Stars at Noon succeeds in being a faithful adaption of Denis Johnson's politically rife source material, if not unconvincing in its last-minute pairing of Margaret Qualley and Joe Alywn.
Viewed on Thursday 26 May as press for the Cannes Film Festival 2022.
Inspired by Denis Johnson’s 1986 novel of the same name, Claire Denis‘ quasi-political-romance, Stars at Noon (2022), is a somewhat faithful adaptation set during the Covid-19 pandemic, honing in on what it means to be a ‘citizen’ and a political refugee in Central America.
“My screenplay,” Denis explained at Cannes Festival 2022’s jury conference, “went from one extreme to another.” Due to the strict health rules surrounding Covid-19, “the film took place in present times” during the politically-volatile elections in Panama, rather than the ‘novelised’ 1984 Nicaraguan Revolution against Sandinista rule. But with characters flippantly wearing masks, and an unnecessary PCR test sequence, I felt detached from Stars at Noon, forever reminded of the misery of the pandemic, rather than lost in the spectacle of cinema. The film’s beating heart remains consistent, though, with the financial suffocation that plagues the source material.
Money is tight, with the Córdoba’s value considerably worthless compared to the US dollar, and the consequences are palpable in every slither of dialogue. “F*ck,” Nick Ramano proclaims, “owns the world,” and it does own the world for Margaret Qualley’s unnamed protagonist. In fact, she owns it as an uprooted, American ‘journalist’ who sells her body to survive for 50 USD per client. Moreover, Joe Alwyn‘s riches-to-rags Daniel is plagued with financing modern-day luxuries from WiFi to even phone calls. Both star-crossed lovers are longing for political emancipation from Panama. But every interaction, and decision, comes back to capitalism and the lost livelihoods and romances that are destroyed because of it. The financial anxiety alone made Stars at Noon worthwhile, if not infuriating with Denis’ on-the-nose social commentary.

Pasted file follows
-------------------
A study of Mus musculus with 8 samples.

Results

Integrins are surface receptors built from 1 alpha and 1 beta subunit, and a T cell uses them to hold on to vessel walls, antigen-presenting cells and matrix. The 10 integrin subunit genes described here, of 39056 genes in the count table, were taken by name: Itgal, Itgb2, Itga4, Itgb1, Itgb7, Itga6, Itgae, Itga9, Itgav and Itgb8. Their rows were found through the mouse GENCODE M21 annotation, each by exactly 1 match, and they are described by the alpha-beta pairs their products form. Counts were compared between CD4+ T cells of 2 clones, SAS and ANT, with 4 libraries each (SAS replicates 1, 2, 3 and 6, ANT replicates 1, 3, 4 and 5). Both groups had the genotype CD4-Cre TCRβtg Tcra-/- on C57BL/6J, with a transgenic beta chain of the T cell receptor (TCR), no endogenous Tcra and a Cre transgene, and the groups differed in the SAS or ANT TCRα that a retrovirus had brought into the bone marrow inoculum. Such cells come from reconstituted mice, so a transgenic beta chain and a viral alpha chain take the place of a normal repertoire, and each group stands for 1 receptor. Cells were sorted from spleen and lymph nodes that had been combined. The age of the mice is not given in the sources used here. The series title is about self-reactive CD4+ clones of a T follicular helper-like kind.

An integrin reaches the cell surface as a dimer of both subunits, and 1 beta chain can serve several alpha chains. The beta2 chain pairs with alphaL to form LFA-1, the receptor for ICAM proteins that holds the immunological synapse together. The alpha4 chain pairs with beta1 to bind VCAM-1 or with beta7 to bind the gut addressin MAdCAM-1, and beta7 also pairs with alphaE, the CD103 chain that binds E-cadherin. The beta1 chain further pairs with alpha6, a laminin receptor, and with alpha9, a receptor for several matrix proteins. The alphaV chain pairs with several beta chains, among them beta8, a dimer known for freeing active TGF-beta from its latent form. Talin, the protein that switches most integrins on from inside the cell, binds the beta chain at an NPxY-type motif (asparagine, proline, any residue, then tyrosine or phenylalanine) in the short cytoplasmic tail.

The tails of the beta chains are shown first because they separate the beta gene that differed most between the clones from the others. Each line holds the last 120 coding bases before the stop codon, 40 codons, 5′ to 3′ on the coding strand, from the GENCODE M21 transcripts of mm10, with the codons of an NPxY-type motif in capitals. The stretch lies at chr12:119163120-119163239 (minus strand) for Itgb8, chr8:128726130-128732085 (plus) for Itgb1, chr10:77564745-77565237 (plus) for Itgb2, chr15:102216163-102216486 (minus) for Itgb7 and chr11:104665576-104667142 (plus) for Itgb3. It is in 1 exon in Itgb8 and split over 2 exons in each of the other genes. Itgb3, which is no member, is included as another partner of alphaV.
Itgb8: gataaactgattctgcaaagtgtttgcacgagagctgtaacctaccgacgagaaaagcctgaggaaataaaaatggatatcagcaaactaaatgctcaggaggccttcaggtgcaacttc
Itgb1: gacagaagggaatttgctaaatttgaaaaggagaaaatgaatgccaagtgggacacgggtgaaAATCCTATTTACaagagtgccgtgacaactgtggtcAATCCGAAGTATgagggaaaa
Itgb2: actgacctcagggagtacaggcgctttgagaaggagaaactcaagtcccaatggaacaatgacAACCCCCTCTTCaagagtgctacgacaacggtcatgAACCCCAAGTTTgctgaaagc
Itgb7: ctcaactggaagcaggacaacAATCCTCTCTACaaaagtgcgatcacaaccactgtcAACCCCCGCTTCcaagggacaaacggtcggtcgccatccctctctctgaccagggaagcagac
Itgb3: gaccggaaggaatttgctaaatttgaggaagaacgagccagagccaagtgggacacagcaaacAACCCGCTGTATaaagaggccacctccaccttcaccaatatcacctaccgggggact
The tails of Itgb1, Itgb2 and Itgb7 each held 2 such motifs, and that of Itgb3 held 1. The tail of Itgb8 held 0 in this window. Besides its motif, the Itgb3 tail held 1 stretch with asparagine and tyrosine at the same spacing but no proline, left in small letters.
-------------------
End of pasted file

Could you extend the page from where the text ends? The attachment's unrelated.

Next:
Qualley’s performance as a struggling journalist is the_show_stopper; an electric and charming injection of fresh air into an otherwise demoralising narrative. Yet, her onscreen relationship with Alwyn did feel synthesised. Forced, even, and for good reason(s). With Robert Pattinson dropping out from the project, Alwyn as Qualley’s counterpart was far from convincing. Éric Gautier’s cinematography is exceptionally dazzling, particularly his colour palette. But his use of unsteady close-ups, capturing Qualley’s flip-of-the-coin moments of laughter to heartbreak; the glassy look after a sip of rum; clawing hands during intercourse . . . it all feels like Denis’ desperate direction to capture a relationship worth rooting for in a high-stakes political web. Unfortunately, her leads don’t really achieve this.
Gautier’s thoughtful use of borders, however, in his mise-en-scène was effective. Qualley walks in the puddles, Alwyn on the grass. Then then both switch, fluid between the invisible socioeconomic border that previously divided them. Tindersticks and Stuart Staples beautifully complement the onscreen spectacle, blanketing the film in jazz that ranges from tameness to chaos during the appropriate beats. I must say, the most endearing moment in the film occurs in a deserted bar, where Staples’ velvet voice just echoes over our protagonists swaying. It was purely human.
But Denis needed more human moments to make me wholly invested, rather than relying on oversaturated, cliché dialogue that would be more at home in a Bond film. Overall, Qualley’s stellar performance and Denis’ winding, political narrative-web were engaging enough to keep my interest above water level. A longer running-time . . . and I fear I may have fallen asleep.